Are China’s Pretty Little Rebels Woke or Nope?

Despite all-female idol shows trying to break from tradition, critics argue that producers and viewers aren’t yet ready for a complete overhaul.

The9 and BonBon Girls 303 are the latest additions to China’s growing crop of girl groups.

Products of the popular girl group talent shows “Youth With You” and “Chuang” — produced by streaming giants iQiyi and Tencent, respectively — the nine-member The9 and seven-member BonBon Girls 303 have become instant sensations for millions of young Chinese.

If hashtags are any indication of success, the names of the two shows have collectively been viewed more than 78 billion times on microblogging site Weibo.

With their singles landing as smash hits, The9 and BonBon Girls 303 have gained all the stardom the talent-search shows promised. But how far have the girl bands gone toward smashing gender stereotypes?

Here’s Sixth Tone’s look at three of the most-discussed gender-related topics from “Youth With You” and “Chuang.”

Brave, bold, and ambitious

The 2020 season of “Chuang” encouraged its participants to “dare,” urging them to be brave, bold, and ambitious. Breaking from its usual format of choreographed performances in a scheduled lineup, the show instead asked participants to come onstage voluntarily in order to create a more competitive atmosphere.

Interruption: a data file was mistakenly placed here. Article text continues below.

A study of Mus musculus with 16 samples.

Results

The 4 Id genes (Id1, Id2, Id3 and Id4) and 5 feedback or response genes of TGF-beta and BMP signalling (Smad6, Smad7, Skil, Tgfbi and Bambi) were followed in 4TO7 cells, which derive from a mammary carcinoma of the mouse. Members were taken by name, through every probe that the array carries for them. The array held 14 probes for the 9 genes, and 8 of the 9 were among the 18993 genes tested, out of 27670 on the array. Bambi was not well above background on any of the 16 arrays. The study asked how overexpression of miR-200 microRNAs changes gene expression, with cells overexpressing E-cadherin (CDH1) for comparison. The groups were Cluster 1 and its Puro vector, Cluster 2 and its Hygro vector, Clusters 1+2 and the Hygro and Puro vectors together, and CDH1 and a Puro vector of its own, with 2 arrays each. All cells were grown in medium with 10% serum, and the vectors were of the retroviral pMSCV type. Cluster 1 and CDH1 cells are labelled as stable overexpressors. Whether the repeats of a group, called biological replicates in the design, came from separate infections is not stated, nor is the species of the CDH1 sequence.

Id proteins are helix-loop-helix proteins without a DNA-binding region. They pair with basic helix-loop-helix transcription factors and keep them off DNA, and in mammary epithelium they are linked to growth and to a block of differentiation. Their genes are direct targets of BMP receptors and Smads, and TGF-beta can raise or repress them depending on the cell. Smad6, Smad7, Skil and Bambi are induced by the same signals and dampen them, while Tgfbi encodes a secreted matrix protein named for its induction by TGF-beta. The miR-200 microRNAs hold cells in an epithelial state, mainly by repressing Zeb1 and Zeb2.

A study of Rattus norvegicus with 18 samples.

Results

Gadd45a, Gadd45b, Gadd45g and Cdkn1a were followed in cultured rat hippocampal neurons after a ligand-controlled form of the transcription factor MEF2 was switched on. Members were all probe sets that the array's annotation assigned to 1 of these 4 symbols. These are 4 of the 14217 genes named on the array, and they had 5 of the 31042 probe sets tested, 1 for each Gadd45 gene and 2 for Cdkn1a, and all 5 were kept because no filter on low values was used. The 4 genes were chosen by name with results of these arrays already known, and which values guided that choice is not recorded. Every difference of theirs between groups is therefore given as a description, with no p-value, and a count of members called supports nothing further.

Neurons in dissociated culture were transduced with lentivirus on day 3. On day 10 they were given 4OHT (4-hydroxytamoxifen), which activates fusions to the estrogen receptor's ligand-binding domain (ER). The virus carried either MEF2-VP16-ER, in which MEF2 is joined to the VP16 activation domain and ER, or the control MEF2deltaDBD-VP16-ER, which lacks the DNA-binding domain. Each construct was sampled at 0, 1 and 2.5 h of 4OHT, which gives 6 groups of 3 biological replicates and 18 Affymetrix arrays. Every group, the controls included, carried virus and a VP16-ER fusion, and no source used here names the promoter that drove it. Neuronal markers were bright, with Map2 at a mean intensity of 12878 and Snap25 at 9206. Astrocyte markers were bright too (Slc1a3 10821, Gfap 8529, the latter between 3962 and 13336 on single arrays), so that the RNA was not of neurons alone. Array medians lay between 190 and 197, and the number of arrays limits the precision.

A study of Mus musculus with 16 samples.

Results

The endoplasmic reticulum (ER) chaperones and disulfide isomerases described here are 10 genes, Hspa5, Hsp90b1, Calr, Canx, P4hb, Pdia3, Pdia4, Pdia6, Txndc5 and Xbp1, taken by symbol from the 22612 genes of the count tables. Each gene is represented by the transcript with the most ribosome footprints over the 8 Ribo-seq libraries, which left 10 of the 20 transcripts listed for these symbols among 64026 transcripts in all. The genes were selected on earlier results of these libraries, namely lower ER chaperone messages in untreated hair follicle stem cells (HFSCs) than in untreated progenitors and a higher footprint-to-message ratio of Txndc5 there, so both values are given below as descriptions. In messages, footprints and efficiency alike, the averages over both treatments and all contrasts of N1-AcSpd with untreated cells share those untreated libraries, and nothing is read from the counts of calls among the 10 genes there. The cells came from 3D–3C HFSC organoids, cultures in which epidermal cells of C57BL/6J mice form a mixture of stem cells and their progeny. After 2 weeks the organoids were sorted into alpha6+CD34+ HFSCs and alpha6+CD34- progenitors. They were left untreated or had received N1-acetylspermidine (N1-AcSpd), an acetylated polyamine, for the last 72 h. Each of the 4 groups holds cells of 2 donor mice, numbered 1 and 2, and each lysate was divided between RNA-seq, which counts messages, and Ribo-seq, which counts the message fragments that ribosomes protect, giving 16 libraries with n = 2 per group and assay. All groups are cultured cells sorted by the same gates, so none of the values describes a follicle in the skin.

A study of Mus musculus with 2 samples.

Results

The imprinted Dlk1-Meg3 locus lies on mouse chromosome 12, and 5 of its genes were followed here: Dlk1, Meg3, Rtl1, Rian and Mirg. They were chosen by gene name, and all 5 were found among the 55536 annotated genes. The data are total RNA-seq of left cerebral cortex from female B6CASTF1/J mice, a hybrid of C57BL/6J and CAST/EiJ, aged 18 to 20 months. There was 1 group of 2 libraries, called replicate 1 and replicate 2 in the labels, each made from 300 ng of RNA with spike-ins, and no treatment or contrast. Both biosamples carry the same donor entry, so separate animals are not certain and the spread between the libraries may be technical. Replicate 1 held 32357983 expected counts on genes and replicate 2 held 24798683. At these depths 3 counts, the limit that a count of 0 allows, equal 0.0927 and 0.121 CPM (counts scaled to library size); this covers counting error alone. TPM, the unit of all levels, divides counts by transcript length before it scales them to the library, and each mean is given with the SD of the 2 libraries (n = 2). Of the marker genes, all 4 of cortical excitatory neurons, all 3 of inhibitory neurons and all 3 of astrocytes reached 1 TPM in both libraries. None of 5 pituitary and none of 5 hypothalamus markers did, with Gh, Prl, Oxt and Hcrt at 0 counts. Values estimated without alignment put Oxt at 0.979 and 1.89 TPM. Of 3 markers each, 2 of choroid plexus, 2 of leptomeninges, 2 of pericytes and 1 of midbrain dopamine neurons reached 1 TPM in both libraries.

The phrase “Am I not high enough?” — popularized by a participant who finished fourth in this year’s competition — became a buzzword on Chinese social media. She claimed that she was ditched by sponsors for reasons that were never explained, despite ranking as high as second during the show.

But even with the show’s purportedly progressive themes, many fans noted that “Chuang” was unable to break the stereotype of women as trophies. In fact, the show’s first episode had a “waistline challenge” favoring the slimmest contestants.

“Women’s beauty isn’t decided by their weight or waistline,” one viewer commented under a related Weibo post. Continue to read the full article here


– This article originally appeared on Sixth Tone.